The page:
A community for students.
Here's the question you clicked on:
 0 viewing
moneybird
 3 years ago
A pattern of Figures is shown below. Figure 1 is a regular pentagon with side length 1. Figure 2 is a regular pentagon of side length 2 drawn around Figure 1 so that the two shapes share the top vertex, T, and the sides on either side of T overlap. The pattern continues so that each n>1, Figure n is a regular pentagon of side length n drawn around the previous Figure so that the two shapes share the top vertex, T, and the sides on either side of T overlap. The ink length of each Figure is the sum of the lengths of all of the line segments in the Figure.
moneybird
 3 years ago
A pattern of Figures is shown below. Figure 1 is a regular pentagon with side length 1. Figure 2 is a regular pentagon of side length 2 drawn around Figure 1 so that the two shapes share the top vertex, T, and the sides on either side of T overlap. The pattern continues so that each n>1, Figure n is a regular pentagon of side length n drawn around the previous Figure so that the two shapes share the top vertex, T, and the sides on either side of T overlap. The ink length of each Figure is the sum of the lengths of all of the line segments in the Figure.

This Question is Closed

moneybird
 3 years ago
Best ResponseYou've already chosen the best response.4dw:1322004729461:dw

moneybird
 3 years ago
Best ResponseYou've already chosen the best response.4Determine the general equation of ink length for Figure n.

asnaseer
 3 years ago
Best ResponseYou've already chosen the best response.1thinking... looks like at each step you add 5n and remove 2(n1)

moneybird
 3 years ago
Best ResponseYou've already chosen the best response.4This question is from today's Canadian Intermediate Mathematics Contest

Tomas.A
 3 years ago
Best ResponseYou've already chosen the best response.0all sides are equal of that pentagon or not?

moneybird
 3 years ago
Best ResponseYou've already chosen the best response.4yes it's a regular pentagon

Tomas.A
 3 years ago
Best ResponseYou've already chosen the best response.0sorry I am not familiar with terminology in english

asnaseer
 3 years ago
Best ResponseYou've already chosen the best response.1ok, I think it is:\[\frac{5n(n+1)}{2}n(1n)\]

asnaseer
 3 years ago
Best ResponseYou've already chosen the best response.1sorry  I think it should be "+" after the fraction

asnaseer
 3 years ago
Best ResponseYou've already chosen the best response.1\[\frac{5n(n+1)}{2}+n(1n)\]

moneybird
 3 years ago
Best ResponseYou've already chosen the best response.4My answer is \[5+2(n1)+\frac{3(n+2)(n1)}{2}\]

asnaseer
 3 years ago
Best ResponseYou've already chosen the best response.1mine simplifies to:\[\frac{n(3n+7)}{2}\]

asnaseer
 3 years ago
Best ResponseYou've already chosen the best response.1it is basically the sum of two series: 1) 5, 5+10, 5+10+15, ... 2) 0, 02, 024, ...

asnaseer
 3 years ago
Best ResponseYou've already chosen the best response.1it matches my initial thoughts on adding 5n and removing 2(n1) after each term. interesting problem.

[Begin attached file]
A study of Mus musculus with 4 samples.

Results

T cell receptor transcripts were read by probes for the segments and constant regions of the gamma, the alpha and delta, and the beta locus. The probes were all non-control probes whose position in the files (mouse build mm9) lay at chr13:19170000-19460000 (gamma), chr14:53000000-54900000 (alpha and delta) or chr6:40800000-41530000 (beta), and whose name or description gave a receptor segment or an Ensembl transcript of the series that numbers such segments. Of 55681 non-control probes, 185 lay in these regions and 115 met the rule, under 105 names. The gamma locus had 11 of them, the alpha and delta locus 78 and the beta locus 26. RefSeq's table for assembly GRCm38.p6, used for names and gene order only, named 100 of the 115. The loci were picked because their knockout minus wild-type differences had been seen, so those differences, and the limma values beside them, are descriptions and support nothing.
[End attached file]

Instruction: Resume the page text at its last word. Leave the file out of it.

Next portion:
asnaseer
 3 years ago
Best ResponseYou've already chosen the best response.1because at each step you are adding a new regular pentagon where each side has length n. so 5 sides makes 5n.

asnaseer
 3 years ago
Best ResponseYou've already chosen the best response.1and every time you add a new pentagon, you cover up 2 of the previous pentagons sides  hence 2(n1)

Tomas.A
 3 years ago
Best ResponseYou've already chosen the best response.0dw:1322005697310:dw \[a_1=3\] \[d=3\] \[S_n=\frac{2a_1+(n1)d}{2}n=\frac{6+3n3}{2}n=\frac{3n+3n^2}{2}\] \[P=2n+S_n=3n+\frac{2n+3n^2}{2}=\frac{4n+3n+3n^2}{2}=\frac{7n+3n^2}{2}\] Let's test if n=2 and answer is 13 and it's correct

moneybird
 3 years ago
Best ResponseYou've already chosen the best response.4My approach is f(n) = f(n1) + 3n + 2

Tomas.A
 3 years ago
Best ResponseYou've already chosen the best response.0I would like to edit my answer but can't so to make it clearer we can see that \[a_1=1+1+1=3\] \[a_2=2+2+2=6\] \[d=a_2a_1=3\]

moneybird
 3 years ago
Best ResponseYou've already chosen the best response.45 + 1x2 +2x3 = f(2) = 13 f(3) = 5+ 1x2 + 2x3 + 1x2 + 3x3 = 24 f(n) = 5 + 2 + 2x3 + 2 + 3x3 + 2 + 3n = 5+ 2(n1) + 3 (2+3+4+5+6...+n)

moneybird
 3 years ago
Best ResponseYou've already chosen the best response.45+2(n1) + 3/2 (n+2)(n1)

asnaseer
 3 years ago
Best ResponseYou've already chosen the best response.1@moneybird  your answer also simplifies to the same result :)

Tomas.A
 3 years ago
Best ResponseYou've already chosen the best response.0yeah all resulst are equivalent :D

moneybird
 3 years ago
Best ResponseYou've already chosen the best response.4yeah so i got it correct on the contest!

asnaseer
 3 years ago
Best ResponseYou've already chosen the best response.1we're ALL geniuses! :=)

Tomas.A
 3 years ago
Best ResponseYou've already chosen the best response.0what grade contest is it?

moneybird
 3 years ago
Best ResponseYou've already chosen the best response.4I am still in Grade 10?

asnaseer
 3 years ago
Best ResponseYou've already chosen the best response.1I guess even in mathematics  "all roads lead to Rome"!

moneybird
 3 years ago
Best ResponseYou've already chosen the best response.4LOL I like that quote

asnaseer
 3 years ago
Best ResponseYou've already chosen the best response.1thanks for posing the question @moneybird  I needed some food for my brain before going to bed :)
Ask your own question
Sign UpFind more explanations on OpenStudy
Your question is ready. Sign up for free to start getting answers.
spraguer
(Moderator)
5
→ View Detailed Profile
is replying to Can someone tell me what button the professor is hitting...
23
 Teamwork 19 Teammate
 Problem Solving 19 Hero
 Engagement 19 Mad Hatter
 You have blocked this person.
 ✔ You're a fan Checking fan status...
Thanks for being so helpful in mathematics. If you are getting quality help, make sure you spread the word about OpenStudy.